In California, neither U.S. senator is up for re-election, but other issues are bringing voters to the polls.

The incumbent governor, Democrat Gray Davis, cast his vote Tuesday morning in Los Angeles. "Today's a chance for California voters to have their say," said Governor Davis. "I fell very good about our campaign. We ended on a high note, and I feel very optimistic about the results tonight."

Surveys show many voters disagree about the tone of the campaign, in which each side accused the other of incompetence and corruption. Both candidates have low approval ratings.

Gray Davis enjoyed a 10-point lead heading into the election, however, and many Democrats feel he has reason for optimism. Republicans are hoping that the one in five voters who remained undecided on the eve of the election will support their candidate, Bill Simon.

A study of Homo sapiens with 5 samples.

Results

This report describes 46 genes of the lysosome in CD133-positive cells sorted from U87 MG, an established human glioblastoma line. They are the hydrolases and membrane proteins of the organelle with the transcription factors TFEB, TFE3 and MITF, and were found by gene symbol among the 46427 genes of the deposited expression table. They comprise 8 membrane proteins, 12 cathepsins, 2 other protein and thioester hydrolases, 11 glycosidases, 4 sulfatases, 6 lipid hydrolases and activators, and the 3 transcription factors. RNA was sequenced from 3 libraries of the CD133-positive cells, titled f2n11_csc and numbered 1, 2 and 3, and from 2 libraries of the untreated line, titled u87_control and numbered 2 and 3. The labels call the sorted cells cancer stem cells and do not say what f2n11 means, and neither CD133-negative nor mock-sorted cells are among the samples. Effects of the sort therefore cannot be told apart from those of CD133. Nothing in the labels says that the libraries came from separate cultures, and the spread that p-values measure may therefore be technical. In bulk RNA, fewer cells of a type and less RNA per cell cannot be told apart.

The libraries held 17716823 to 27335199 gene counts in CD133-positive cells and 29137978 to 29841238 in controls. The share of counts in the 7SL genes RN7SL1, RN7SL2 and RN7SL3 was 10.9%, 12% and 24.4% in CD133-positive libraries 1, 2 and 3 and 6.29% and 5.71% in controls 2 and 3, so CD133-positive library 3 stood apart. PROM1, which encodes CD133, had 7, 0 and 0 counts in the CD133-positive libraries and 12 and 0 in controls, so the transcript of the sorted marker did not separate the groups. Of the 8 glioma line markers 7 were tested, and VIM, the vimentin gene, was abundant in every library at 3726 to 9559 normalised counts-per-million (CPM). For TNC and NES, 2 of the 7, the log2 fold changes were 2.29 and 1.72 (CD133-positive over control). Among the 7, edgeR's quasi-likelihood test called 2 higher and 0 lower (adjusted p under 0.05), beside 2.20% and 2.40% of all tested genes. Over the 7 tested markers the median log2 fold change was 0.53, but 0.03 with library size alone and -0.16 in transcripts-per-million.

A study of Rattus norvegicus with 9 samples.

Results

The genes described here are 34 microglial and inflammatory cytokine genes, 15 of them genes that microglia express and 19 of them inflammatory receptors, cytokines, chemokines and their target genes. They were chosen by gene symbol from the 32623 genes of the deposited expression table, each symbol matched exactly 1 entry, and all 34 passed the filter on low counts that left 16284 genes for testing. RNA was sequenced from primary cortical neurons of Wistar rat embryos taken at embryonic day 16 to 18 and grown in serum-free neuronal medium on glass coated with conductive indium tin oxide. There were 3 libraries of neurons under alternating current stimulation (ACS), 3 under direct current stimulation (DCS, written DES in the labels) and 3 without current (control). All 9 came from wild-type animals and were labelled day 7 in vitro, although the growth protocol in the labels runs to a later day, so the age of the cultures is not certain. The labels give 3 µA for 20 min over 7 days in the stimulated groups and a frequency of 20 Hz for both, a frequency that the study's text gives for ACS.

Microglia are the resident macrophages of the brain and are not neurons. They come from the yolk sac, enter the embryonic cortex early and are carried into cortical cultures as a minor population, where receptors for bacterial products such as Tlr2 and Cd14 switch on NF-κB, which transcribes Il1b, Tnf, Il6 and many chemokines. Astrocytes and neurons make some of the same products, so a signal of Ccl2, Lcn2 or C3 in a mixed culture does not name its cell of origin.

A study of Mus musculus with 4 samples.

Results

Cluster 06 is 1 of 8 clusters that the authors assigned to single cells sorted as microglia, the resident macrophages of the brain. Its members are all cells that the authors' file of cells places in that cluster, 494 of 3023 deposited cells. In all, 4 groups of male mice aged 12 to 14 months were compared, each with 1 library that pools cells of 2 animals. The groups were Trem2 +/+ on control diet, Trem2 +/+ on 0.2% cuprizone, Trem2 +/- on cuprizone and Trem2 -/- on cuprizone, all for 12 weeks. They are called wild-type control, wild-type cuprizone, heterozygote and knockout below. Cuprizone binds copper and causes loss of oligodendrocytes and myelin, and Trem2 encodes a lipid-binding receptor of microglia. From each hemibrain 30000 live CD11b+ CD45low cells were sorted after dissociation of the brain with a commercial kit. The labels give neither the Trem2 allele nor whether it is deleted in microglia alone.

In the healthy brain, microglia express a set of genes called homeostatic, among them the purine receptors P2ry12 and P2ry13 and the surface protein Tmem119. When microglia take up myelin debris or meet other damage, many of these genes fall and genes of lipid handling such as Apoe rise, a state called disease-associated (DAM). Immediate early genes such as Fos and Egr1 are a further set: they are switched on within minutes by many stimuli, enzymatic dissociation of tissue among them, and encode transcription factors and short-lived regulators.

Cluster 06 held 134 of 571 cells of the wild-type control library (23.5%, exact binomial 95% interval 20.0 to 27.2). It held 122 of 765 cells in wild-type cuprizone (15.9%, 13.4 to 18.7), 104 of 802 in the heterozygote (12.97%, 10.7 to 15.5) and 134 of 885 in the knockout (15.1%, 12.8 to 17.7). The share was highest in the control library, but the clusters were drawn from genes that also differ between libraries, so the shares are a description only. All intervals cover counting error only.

Surveys show the top issue in this election for California voters is the quality of public education. That's what brought this woman to the polls. "The schools, to improve the public schools," said a voter. "Because my daughter goes to a private school. I would never put her in a public school, not right now."

Los Angeles voters will decide whether to approve construction of 120 new schools.

One voter with a special interest in the election is the actor Arnold Schwarzenegger, the architect of a measure to provide after-school programs for children. He cast his vote near his hillside home on Tuesday morning. "I hope everyone goes out and votes," he said. "That's the key thing, because it's very important to participate in the process."

Other ballot measures include proposals in Los Angeles to create independent cities in Hollywood and the San Fernando Valley.

And the city of Oakland, facing a rising crime rate, is asking voters to approve the hiring of more police officers.